Opinion: The Problem with Lenape Middle School’s Mascot

Lenape Middle School must change their mascot and student body name. Using “Indians” as a name is racially insensitive and inappropriate for a school to use as a name to refer to any teams, clubs, student body, or the like. Lenape Middle School occupies land that belonged to the Lenni-Lenape tribe. Their sports teams use the term “Indians” to represent themselves, and the name is often written on their uniforms. Some past clothes purchased by students even have an illustration of a Native American, as well. But there is a growing movement to remove and replace Native mascots and team names. For example, the Washington football team and the Cleveland baseball team have removed their Native-themed names and mascots, acknowledging the issues. Lenape Middle School should be no exception to this cause. No matter if a name is for a national sports team or a small secondary school, it should not be referencing Native people in a harmful way.

Protestors in 2014 gathered to call for a change to the former name of the Washington football team

Lenape Middle School uses the name “Indians” in reference to Native Americans. The school is located on land that historically belonged to the Lenni-Lenape people. However, using the name “Indians” is neither positive nor respectful to the Native American tribe. “Indians” is an inaccurate word to use and an ethnic group should not be someone’s mascot. Even if there is no one dressing up as the “Indian” mascot, the name is still used in reference to sports teams and parts of the student body.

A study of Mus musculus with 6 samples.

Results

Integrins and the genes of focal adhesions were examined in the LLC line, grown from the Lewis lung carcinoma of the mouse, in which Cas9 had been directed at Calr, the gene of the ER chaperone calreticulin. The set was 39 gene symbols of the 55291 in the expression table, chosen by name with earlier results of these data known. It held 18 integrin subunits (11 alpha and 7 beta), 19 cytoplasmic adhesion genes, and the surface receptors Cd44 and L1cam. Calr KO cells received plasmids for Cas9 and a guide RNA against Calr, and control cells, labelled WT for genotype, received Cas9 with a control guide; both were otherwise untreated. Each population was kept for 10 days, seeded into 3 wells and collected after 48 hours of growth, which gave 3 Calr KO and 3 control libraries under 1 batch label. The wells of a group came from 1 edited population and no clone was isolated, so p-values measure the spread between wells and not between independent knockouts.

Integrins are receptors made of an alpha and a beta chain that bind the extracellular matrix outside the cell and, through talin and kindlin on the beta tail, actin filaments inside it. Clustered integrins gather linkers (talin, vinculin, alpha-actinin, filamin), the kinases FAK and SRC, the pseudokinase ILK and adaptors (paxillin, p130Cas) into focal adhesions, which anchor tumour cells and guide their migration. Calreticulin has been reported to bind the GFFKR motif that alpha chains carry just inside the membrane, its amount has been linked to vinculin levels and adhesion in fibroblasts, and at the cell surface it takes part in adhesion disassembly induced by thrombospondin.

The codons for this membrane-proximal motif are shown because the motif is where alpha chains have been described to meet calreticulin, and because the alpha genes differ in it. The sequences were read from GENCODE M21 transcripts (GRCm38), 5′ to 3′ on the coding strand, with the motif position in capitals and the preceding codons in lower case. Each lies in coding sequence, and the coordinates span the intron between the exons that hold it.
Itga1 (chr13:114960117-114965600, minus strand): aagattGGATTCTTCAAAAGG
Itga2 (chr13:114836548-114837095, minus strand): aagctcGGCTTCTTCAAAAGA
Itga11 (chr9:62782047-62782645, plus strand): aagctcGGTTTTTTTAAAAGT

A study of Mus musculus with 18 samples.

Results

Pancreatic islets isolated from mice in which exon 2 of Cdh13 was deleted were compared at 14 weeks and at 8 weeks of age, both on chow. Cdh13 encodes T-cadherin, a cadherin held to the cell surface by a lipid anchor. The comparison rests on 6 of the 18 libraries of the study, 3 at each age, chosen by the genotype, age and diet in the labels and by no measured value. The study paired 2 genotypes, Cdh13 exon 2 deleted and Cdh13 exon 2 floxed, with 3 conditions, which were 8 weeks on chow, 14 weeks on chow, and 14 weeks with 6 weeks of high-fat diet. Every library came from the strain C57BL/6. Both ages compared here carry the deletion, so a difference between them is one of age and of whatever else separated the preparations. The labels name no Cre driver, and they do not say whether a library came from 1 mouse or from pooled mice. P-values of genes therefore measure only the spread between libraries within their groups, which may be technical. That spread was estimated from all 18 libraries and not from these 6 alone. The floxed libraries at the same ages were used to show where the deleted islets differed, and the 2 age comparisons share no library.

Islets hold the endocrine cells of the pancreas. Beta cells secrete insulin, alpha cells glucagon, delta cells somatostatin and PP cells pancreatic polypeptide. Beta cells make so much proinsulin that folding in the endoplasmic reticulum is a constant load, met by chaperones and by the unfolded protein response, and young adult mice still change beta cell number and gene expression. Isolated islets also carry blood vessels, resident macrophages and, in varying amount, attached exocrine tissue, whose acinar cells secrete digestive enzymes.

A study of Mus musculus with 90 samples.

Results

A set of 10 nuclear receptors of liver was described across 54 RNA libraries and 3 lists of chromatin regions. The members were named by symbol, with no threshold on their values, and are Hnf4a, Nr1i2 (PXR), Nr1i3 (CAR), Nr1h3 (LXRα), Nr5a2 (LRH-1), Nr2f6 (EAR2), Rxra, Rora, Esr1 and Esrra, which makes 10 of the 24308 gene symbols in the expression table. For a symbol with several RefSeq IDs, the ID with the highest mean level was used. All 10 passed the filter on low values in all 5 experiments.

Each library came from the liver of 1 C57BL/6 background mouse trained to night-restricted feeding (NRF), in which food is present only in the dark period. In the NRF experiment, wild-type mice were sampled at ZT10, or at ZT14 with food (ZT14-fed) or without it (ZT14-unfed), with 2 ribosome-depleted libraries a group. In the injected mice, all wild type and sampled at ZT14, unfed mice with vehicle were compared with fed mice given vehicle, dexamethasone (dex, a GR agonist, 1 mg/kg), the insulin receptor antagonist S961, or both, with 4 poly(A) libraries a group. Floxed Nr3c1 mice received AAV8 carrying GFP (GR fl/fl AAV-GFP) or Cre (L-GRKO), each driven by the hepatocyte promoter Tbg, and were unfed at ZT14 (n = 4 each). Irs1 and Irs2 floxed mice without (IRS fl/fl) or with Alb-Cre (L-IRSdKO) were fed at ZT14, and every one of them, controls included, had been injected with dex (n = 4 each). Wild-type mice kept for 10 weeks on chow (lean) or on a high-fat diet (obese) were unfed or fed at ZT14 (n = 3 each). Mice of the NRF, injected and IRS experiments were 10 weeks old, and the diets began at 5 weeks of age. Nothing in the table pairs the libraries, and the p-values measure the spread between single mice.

Native mascots and names can be detrimental to Native students and people. Images of Native mascots have been proven to negatively affect Native American students and their self-esteem. In fact, in 2005, the American Psychological Association called for removal of all Native American mascots and imagery used by schools and other groups. There have been calls in the past to change the Lenape mascot, and now is an important time to keep amplifying them. It is time to follow the examples of others. 

Lenape would be far from the first to change their name and mascot, but they should not be the last either. No More Native Mascots has a long list of petitions available to sign in support of ridding schools and teams of offensive Native mascots. It includes many high schools, and shows that many students are actively trying to change their mascots. Lenape’s name and mascot are not isolated occurrences. Too many like Lenape’s exist. However, it is not impossible to achieve the goal of changing names and mascots. Hopeful students can look to the changing of, or plans in motion to change, national sports teams’ names. The Washington football team and the Cleveland baseball team are two such examples. After many called for their former name, which is a racial slur, to be changed, the Washington football team took away their name and mascot. The Cleveland baseball team is setting the process for changing their name in motion. If national sports teams can change their names and listen to protests, surely a local middle school can too. It is not a new idea to change Native mascots and names for schools, and not one that should be put off any longer.